Watery nightmares turn to dream realized

February, 2000

By DeeAnn Dubois
For Points East

A near drowning incident in a swimming pool when I was a child left me fearful of the water. It wasn’t until I was about 34 years old that I was forced to confront the fear and deal with it. After surgery, my doctor said he did not want me to return to running and land aerobics right away. He preferred that I work out in the water.

I was too embarrassed to tell him about my fear of water. Since I belong to a health club with a water aerobics program, I decided that my need to work out was greater than my fear of the water. It was a big leap of faith and I was scared beyond words.

The water aerobics teacher, Nancy Rakiey, allowed me to participate in the class in the divided shallow end of the pool while the rest of class worked out in the deep end. At first, I was very self-conscious, but I was determined and my classmates encouraged me.

Now I know you are wondering what this all has to do with boating and the Gulf of Maine. I promise to get to that.

I became a regular in the water classes, and after a while I ventured deeper in the water, sometimes holding onto a ball to keep me afloat. Before I knew it, I spent the entire hour in the deep end, treading water on my own and learning to swim. Meanwhile, my husband, who is a builder and cabinetmaker, decided to build a wooden canoe. It took a good nine months to complete, but it was worth every minute, because he produced a beauty! At this point, I felt pretty comfortable in the pool with lifeguards all around, but I wasn’t sure how I felt about deeper waters with bigger parameters.

My loyalty to my husband overshadowed the fears that were creeping back into my life. The lifejacket I had on helped too. I quickly found that I loved going out in the canoe, but had you told me then that my boating experiences would reach ocean proportions, I would have thought you insane. Little did I know what the future held for me!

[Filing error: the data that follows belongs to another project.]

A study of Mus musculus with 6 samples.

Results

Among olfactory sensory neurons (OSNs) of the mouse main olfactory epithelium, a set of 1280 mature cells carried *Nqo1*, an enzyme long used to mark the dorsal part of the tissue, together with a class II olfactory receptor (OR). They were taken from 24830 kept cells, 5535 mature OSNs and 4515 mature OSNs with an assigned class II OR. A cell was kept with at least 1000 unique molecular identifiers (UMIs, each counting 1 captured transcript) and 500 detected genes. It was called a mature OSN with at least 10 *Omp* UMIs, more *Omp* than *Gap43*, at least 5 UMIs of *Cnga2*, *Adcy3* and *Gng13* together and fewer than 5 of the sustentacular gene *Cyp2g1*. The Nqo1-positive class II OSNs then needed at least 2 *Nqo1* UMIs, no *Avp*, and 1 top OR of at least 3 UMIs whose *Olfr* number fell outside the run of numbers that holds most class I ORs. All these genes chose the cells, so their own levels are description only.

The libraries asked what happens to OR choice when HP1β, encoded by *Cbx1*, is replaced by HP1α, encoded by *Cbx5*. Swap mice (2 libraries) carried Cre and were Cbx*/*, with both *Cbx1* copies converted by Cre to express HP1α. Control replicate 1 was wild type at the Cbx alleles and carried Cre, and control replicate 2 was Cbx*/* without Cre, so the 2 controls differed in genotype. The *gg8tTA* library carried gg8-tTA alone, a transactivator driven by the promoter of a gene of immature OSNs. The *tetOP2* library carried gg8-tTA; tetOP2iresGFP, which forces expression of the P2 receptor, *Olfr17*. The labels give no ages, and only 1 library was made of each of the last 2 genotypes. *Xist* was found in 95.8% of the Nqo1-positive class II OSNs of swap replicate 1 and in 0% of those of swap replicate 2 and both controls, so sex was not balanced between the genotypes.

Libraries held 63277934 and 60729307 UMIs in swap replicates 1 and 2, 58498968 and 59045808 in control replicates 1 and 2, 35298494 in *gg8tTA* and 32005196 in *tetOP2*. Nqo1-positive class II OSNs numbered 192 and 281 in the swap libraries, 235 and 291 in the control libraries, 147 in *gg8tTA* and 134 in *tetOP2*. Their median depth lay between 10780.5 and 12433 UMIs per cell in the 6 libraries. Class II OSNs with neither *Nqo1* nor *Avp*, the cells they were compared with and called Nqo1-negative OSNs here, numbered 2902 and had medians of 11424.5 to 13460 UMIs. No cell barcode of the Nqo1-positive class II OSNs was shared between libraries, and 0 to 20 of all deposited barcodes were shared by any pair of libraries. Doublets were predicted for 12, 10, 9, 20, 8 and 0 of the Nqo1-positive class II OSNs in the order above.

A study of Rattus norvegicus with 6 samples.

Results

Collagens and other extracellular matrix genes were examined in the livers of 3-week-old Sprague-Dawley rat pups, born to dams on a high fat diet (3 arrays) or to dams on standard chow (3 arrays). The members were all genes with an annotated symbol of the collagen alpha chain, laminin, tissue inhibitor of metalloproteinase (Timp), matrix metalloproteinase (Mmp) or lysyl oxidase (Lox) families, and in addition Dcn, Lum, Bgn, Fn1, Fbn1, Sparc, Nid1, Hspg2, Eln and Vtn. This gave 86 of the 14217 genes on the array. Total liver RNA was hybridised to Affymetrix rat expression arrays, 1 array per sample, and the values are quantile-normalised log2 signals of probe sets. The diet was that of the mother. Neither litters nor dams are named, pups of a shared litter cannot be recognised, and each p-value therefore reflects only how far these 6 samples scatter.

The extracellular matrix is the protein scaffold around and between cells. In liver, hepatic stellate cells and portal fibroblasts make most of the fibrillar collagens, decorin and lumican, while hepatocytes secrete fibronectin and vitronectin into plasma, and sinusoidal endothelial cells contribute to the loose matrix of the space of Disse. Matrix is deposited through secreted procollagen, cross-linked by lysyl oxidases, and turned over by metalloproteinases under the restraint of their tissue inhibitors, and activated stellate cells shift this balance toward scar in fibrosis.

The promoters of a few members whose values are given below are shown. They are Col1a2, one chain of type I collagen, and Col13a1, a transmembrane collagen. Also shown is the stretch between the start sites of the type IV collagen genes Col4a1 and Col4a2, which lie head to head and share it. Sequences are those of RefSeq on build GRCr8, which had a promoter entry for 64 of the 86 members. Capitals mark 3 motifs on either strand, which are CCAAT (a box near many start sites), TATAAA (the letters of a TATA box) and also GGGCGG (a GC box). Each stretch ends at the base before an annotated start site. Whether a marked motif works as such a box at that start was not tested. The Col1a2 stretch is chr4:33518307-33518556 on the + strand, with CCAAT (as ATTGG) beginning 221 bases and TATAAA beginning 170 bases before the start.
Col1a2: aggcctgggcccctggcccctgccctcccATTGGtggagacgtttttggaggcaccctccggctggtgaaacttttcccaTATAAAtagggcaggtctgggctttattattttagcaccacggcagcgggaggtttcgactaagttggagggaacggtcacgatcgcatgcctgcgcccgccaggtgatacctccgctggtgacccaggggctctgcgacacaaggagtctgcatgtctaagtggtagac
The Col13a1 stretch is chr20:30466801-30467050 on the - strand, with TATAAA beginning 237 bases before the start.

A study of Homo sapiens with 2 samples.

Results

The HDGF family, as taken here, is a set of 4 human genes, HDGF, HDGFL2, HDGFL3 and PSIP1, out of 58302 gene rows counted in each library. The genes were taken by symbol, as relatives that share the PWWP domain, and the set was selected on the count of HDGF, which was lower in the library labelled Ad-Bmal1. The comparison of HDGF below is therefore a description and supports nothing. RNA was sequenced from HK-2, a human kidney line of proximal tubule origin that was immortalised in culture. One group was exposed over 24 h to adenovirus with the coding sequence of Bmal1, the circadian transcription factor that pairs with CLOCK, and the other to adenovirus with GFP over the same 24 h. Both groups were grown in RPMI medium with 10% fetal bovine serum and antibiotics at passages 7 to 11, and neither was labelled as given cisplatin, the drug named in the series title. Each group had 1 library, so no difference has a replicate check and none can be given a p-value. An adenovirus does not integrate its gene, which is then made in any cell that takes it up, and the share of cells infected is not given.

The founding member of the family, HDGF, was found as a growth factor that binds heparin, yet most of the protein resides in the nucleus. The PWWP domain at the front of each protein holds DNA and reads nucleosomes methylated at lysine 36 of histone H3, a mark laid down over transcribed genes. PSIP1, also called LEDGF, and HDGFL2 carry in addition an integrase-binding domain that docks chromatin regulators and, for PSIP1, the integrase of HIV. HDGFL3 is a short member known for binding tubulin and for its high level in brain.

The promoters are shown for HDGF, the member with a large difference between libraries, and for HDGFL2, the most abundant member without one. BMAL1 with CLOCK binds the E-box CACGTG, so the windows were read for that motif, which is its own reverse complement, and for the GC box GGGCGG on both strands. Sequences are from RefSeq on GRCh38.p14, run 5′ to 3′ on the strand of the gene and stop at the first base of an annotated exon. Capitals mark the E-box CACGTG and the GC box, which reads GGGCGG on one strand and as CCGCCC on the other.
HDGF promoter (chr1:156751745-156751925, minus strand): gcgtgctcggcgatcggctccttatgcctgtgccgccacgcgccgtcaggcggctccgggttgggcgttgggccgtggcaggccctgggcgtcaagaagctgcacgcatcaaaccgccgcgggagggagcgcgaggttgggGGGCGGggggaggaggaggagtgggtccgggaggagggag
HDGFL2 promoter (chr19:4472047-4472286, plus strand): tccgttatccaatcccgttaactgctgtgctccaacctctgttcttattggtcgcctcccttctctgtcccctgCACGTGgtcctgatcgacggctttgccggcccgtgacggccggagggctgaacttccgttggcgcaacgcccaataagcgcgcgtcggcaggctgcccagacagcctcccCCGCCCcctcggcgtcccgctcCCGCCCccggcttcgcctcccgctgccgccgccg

During the spring of 1993, some friends mentioned that they had a sailboat for sale and asked if we wanted to look at it. Not only did we look at it, but we ended up buying the 21-foot sailboat. It just so happened that it was such a good deal that we hated to pass it up in spite of the fact that neither of us had sailing experience. We had no clue where we would even sail her.

We began sailing her on Lake Sunapee and found that we both had to take Dramamine each time we went out. Through books, videos and good ole trial and error, we managed to sail despite ourselves. I felt pretty comfortable with my lifejacket and felt that Lake Sunapee was where I belonged.

I know you are still wondering where the Gulf of Maine comes in, so I’ll tell you. At this point we attended the Maine Boatbuilders Show in Portland and happened upon Tom Powers, who runs a sailing school. After some careful thought, we decided to sign up for a four-day, three-night sailing course out of Falmouth, Maine.

It was an eye-opener, to say the least. I felt safe with Tom as Captain and teacher, but spent most of the time trying to overcome my seasickness. I will say I spent very little time being afraid of being on the ocean.

Two things happened as a result of our sailing school experience. First, we decided that we would never become ocean sailors (little did we know). Secondly, we discovered to our delight that we no longer needed to take Dramamine to go out on the lake.

Although I would have been content to eventually retire to Lake Sunapee, my husband was getting bored. This boredom prompted him to build a wooden sailing dinghy and then to decide that he wanted a bigger sailboat, something to take to the ocean.

I was a bit surprised at the ocean part of it, but went along with him as he searched the Internet and various publications for our next boat. We looked at quite a few bigger sailboats, but finally chose a 25-foot Catalina named Cat Tales as our new summer home. We were able to rent a mooring in Great Bay for our first season, the summer of 1999. I am proud to say that despite my initial reservations, the ocean has stolen my heart.

Now that our first season on the ocean has ended, we are busy readying ourselves for next year. My husband is taking more boating courses, and I have been busy reading sailing books and learning knots. We both dream of a bigger boat, maybe one we can build together.

P.S. With the help of wristbands, I have only had to take Dramamine occasionally.

DeeAnn Dubois and her husband, David, live in Wilton, N.H. and sail out of Great Bay. At right, a peaceful evening aboard Cat Tales at her Great Bay mooring.